Ireland’s commitment to growing its trade relationship with the UAE was reinforced by the latest in a series of ministerial visits by Irish politicians, as Dara Calleary, Minister for Trade Promotion, Digital and Company Regulation, attended Arab Health to promote Irish health tech and held ministerial summits and meetings with Emirates, Dubai Airport Authority and Dubai Duty Free.

Enterprise Ireland, the Irish Government’s development agency, signed a partnership with Dubai Chamber of Commerce and Industry to further increase cooperation, and a number of agreements have been signed between UAE and Irish companies. Calleary is the eighth Irish minister to visit the UAE in 12 months.

The most recent trade data available reveals $1.2 billion in Irish–UAE trade in 2022, divided almost equally into imports and exports. Key exports from Ireland are food, technology and life sciences, Calleary said, with food making up 23% and life sciences making up 14%.

For a country its size, with a population of around 5 million, Ireland punches above its weight in food exports, sending €16.6 billion ($18.1 billion) worth abroad in 2022, according to the Irish Food Board.

European Union data said Ireland’s GDP would contract in 2023 by 0.9% and the country has been fighting back from the impacts of Brexit on its relationship with its largest trading partner, the UK, then COVID-19, then supply challenges brought about by the Russia–Ukraine war, followed by the cost-of-living crisis.

Ireland’s outlook is brighter for the near future, according to the data from the European Union, which said that a GDP growth of 3% expected in 2024 and 3.4% in 2025.

There are 170 Irish companies trading in the UAE, which Calleary described as “a very substantial investment as a government on the ground in the UAE”. But he would like to see more.

There are currently two flights per day from Dublin, Calleary said. “My job is to try to encourage them to do more flights here; they have a very significant occupancy on those flights.

“We have a growing attraction in Ireland to IT and digital workers and healthcare from India; that’s a growing space,” he said.

“Despite being one of the smallest countries in the world, we are one of the biggest exporting countries. I think Emirates are very apprised of the opportunities, and we had a very good discussion, which we are going to build up,” he said.

Why healthtech?

Calleary said many of the key decision-makers in health in the UAE were trained at the Dublin-based Royal College of Surgeons, with the result that its influence is felt throughout the UAE.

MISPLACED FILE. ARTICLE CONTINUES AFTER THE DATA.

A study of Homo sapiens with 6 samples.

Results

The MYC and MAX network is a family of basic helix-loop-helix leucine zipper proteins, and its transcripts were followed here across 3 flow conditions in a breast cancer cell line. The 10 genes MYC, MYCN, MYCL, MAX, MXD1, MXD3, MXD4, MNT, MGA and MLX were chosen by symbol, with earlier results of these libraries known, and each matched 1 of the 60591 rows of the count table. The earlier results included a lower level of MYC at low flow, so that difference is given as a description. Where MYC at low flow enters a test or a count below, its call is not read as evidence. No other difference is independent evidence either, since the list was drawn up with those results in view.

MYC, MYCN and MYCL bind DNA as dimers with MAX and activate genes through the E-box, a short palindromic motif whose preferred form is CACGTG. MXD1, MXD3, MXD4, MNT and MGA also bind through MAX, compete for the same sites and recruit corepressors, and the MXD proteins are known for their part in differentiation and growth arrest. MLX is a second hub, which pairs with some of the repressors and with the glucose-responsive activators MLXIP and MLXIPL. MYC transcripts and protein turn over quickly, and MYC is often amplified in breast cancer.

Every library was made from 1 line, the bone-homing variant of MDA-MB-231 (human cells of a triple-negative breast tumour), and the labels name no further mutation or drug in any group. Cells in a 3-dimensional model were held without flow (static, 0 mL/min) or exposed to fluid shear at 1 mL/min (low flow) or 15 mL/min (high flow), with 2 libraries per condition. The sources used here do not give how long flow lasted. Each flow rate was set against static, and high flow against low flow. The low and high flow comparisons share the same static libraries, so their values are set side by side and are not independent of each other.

Some of the world’s largest healthcare companies, including AstraZeneca and Johnson & Johnson, have an Irish presence, and US medical device company DEXCOM, which produces glucose monitoring technology, recently broke ground on a plant in the west of Ireland which will employ 1,000.

“[Healthtech companies] are fitting into a healthcare ecosystem which includes medtronics and some of the hardware and software for healthcare,” he said.

Ireland-based companies are now providing healthcare solutions, he said, but they offer more than technical expertise. “There is an Irish sense of commitment to personhood which they embed in the technology, and that is something we have picked up here; there is a respect for Irish technology and solutions, but there is a respect for the Irish sense of care.”

Post-Brexit

Seven years after the UK voted to leave the EU, discussions are still ongoing that impact trade between the UK and both Ireland and its smaller neighbour, Northern Ireland, which is usually governed from both London and Belfast.

Last week, new rules on checks on EU goods imported to the UK came into force, meaning Ireland, which remains in the union and did £88.4 billion ($111 billion) in trade with the UK in one year according to UK government data, is subject to the checks too.

And on Saturday, Michelle O’Neill of the pro-united Ireland party Sinn Féin, became the First Minister of Northern Ireland as power-sharing resumed after a two-year break.

An agreement that Northern Irish goods using Irish ports will not be subject to the checks has brought hope that the deadlock is at an end, during a period Calleary described as “an important few days”.

“It’s really important that we continue to retain positive relationships. It’s still our most important trading partner, and obviously culturally we share a lot.”

Corporation tax comes into effect

In 2021, Ireland signed the Organisation of Economic Co-operation and Development (OECD) Pillar 2 tax rules, which require multi-national companies with revenue of €750 million to pay a 15% tax. The rules came into force at the start of January 2024.

Asked if this will dent Ireland’s appeal, Calleary pointed out that the country is now the largest English-speaking country in the EU, making it a cultural bridge to the bloc.

“We have other things to offer in our armoury: skills, location, the existing enterprise ecosystem, the pro-enterprise policies and government, our geographical position,” he said, adding that Ireland also involves industry in its third- and fourth-level education to make sure the workforce meets requirements.

We are resilient and we rebound from challenges, and we continue to raise the bar for enterprise globally,” he said. “We are very successful, but we are small, and we cannot afford to be complacent.”